Meanderings around the world

I have always been fascinated by the Flying Dutchman, the ghost ship doomed to seemingly randomly sail the wide oceans forever, appearing here today, there tomorrow. And like the lost souls on this vessel, I see more and more people today traveling around the globe in similar vein. They move in a  haze. Today is Tuesday; we must be in Belgium. Have we seen Manneke Pis yet?

What do you do now that you are retired?: “We travel ....  like the ghost of Hamlet’s father, we are doom’d, for a certain term,, to walk the night .... we drive from A to B, fly from C to D, ride a camel from a mirage to a chimera, and soon we are lost in a phantasmagoria of jumbled cities, lost horizons, and some distant anthropological museum.  Yes, we have been on the top of Huayna Picchu, with Macchu Pichu far down below us,  we have been enthralled by the serene beauty of Inle Lake in Myanmar,  we have seemingly been everywhere and probably learned nothing of what is important.


So that is why I wrote these travel journals. When old age and stiff limbs, extreme weather variations, and political upheavals will prevent us from traveling any more, I will reread these travel journals again, and then, maybe, I will understand the essence of what I missed.  But you, my dear reader, you may find out from these travel blogs what we found out the hard way, the better way to get from A to C without having to go through B, and without having to pay a fortune to do so.

This site is a collection of some of the travel notes I have written of our travels. As time goes by, I will keep adding to the travel advice in this website. I have covered Alaska, that Grand Country, as seen from a cruise-tour as well as by independent travel. It is a huge country, from Barrow way up in the North, to Homer on the Kenai Peninsula more to the south. There is a piece on Myanmar, also known as Burma in days past, with its gentle people,  saffron-robed monks, golden temple domes, and dreamy landscapes.  The Road to Mandalay we traveled before the typhoon of 2008 struck and before the regime cracked down on foreign visitors. Rudyard Kipling and George Orwell would probably have shuddered at what had happened.

La Ruta Maya describes our sojourn through El Salvador, Honduras, Guatemala, and Belize, visiting the Mayan sites at Ceren, Copan, Tik’al, Yaxha, and Lamanai. Interesting and enjoyable were visits to La Antigua Guatemala, the Pacaya Crater, and learning more about the cult of Maximon. We have marveled at the sensuous and serene beauty of the sculpted red Navajo sandstone in Antelope Canyon, one of the most exquisite places we have seen.

I have covered Ireland, that verdant island with the welcoming B&Bs and with the surprisingly good food. There is Mallorca, a vacation destination for many Europeans, where once Chopin spent a winter with his lover Georges Sand, and where the patron saint is Santa Catalina Thomas, renowned for her humility. She would have cringed in horror, if she finds out what she has been elected to. Iceland, the Faroe Islands and the Shetland Islands make for interesting contrasts. They do share the atrocious weather. And what can I say about Argentina, one of our most favorite places. Where the atmosphere is civilized, the steaks are huge, and where the tango reigns supreme.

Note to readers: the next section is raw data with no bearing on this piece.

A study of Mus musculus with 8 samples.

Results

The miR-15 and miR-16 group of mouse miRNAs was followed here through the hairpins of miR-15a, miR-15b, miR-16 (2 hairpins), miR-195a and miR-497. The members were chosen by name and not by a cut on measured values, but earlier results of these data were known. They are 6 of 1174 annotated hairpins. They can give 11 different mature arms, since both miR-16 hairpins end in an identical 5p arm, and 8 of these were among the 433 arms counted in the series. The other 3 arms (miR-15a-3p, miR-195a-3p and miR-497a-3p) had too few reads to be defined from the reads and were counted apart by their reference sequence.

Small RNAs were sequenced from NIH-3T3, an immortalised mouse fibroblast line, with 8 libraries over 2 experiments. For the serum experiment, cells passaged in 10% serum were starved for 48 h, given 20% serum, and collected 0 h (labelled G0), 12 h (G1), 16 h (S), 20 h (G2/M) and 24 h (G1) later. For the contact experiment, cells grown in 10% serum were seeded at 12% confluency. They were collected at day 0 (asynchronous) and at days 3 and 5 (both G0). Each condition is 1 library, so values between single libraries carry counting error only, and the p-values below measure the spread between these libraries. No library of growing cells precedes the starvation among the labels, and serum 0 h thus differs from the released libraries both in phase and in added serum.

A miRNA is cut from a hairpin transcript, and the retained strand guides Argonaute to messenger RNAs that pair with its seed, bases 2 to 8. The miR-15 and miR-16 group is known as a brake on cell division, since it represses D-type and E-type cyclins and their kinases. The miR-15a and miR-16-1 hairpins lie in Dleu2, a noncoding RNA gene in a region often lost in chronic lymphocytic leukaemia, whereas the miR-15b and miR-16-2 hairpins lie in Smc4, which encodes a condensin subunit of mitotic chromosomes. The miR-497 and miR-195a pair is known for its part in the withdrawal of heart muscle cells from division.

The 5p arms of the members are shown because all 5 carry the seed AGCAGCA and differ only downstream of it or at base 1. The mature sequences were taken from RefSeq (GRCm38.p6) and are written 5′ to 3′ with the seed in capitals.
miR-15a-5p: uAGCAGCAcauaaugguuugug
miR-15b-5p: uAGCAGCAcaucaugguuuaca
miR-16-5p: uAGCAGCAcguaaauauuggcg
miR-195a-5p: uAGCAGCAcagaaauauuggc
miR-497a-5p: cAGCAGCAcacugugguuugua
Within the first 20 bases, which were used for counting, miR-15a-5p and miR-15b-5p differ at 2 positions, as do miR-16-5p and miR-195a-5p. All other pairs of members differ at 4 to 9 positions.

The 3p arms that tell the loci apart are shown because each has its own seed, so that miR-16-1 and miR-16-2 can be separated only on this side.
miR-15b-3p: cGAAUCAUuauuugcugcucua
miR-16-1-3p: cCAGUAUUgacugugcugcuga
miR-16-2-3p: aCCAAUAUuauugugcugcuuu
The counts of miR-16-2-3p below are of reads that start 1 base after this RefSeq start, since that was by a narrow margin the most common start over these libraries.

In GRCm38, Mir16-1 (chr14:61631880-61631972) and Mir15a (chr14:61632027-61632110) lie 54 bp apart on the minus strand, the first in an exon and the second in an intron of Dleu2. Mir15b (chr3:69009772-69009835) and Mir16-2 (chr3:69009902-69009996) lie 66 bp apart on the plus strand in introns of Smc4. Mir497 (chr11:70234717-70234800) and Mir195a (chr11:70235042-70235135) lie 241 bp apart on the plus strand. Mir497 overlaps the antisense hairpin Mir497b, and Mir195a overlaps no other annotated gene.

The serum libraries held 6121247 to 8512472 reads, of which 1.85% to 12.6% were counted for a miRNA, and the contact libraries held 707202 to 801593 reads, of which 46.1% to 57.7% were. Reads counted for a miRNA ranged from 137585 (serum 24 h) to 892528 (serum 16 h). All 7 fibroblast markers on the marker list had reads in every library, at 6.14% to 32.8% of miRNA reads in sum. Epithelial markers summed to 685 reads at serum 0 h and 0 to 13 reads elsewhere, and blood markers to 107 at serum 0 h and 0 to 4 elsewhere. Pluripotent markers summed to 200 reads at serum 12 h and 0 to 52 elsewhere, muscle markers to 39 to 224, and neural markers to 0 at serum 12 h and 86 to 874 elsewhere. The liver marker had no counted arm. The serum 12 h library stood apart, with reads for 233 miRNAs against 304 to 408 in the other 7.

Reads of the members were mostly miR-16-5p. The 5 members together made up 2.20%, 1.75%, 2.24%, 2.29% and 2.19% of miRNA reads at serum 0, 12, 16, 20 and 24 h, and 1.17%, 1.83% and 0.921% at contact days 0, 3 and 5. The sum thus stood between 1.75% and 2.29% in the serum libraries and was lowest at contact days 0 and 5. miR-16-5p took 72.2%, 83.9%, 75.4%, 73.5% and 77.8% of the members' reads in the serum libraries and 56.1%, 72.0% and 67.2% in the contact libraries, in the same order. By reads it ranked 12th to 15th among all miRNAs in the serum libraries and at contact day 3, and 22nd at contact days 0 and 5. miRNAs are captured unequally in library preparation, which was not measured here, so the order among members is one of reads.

You go to Jordan, because you want to visit Petra, that ancient city of the Nabateans carved in the rocks. But Jordan is steeped in events described in the Old Testament. This is where Charlton Heston came down the mountain bearing the Ten Commandments, and where Moses did his best to steer his unruly people in the right direction. Then there is Greece, the land of the Iliad and the Odyssey, but now better explored by rental car and by ferry.

There is of course more stuff in this travel blog, which I have added after writing this preface. And there is certainly more detail in a travel advice than what is necessary to make a travel journal interesting. Unless you are planning to go there. Then this travel guide with the additional information may make your travel companions look in awe at you for your savoir faire, as you explain to them the fine points of the hieroglyphs on the temple walls in the lost jungle. Or how not to write a travel guide or travel blog.

But remember the Arab saying shown above: “Al-gharib a’ma, walaw basir”. “He may be clever, but the foreigner is still blind”. This is the seemingly essence of life, the blind leading the ignorant. So beware what you learned here.

But travel and enjoy. Time is shorter than you think. I saw this ancient gravestone in the cathedral of Sibiu, Romania.  The text above and below the laughing skull says:

Hodie Mihi, Cras Tibi”, or

Today Me, Tomorrow You

Very apt.

If you wish to write me, please do so at Please be patient, if I don’t reply immediately. I may be on vacation.

Happy readings.

Travels with Hok.

Travels with Hok

From the top of Huayna Picchu; Macchu Pichu is far down in the distance.

The serene beauty of Inle Lake in Myanmar.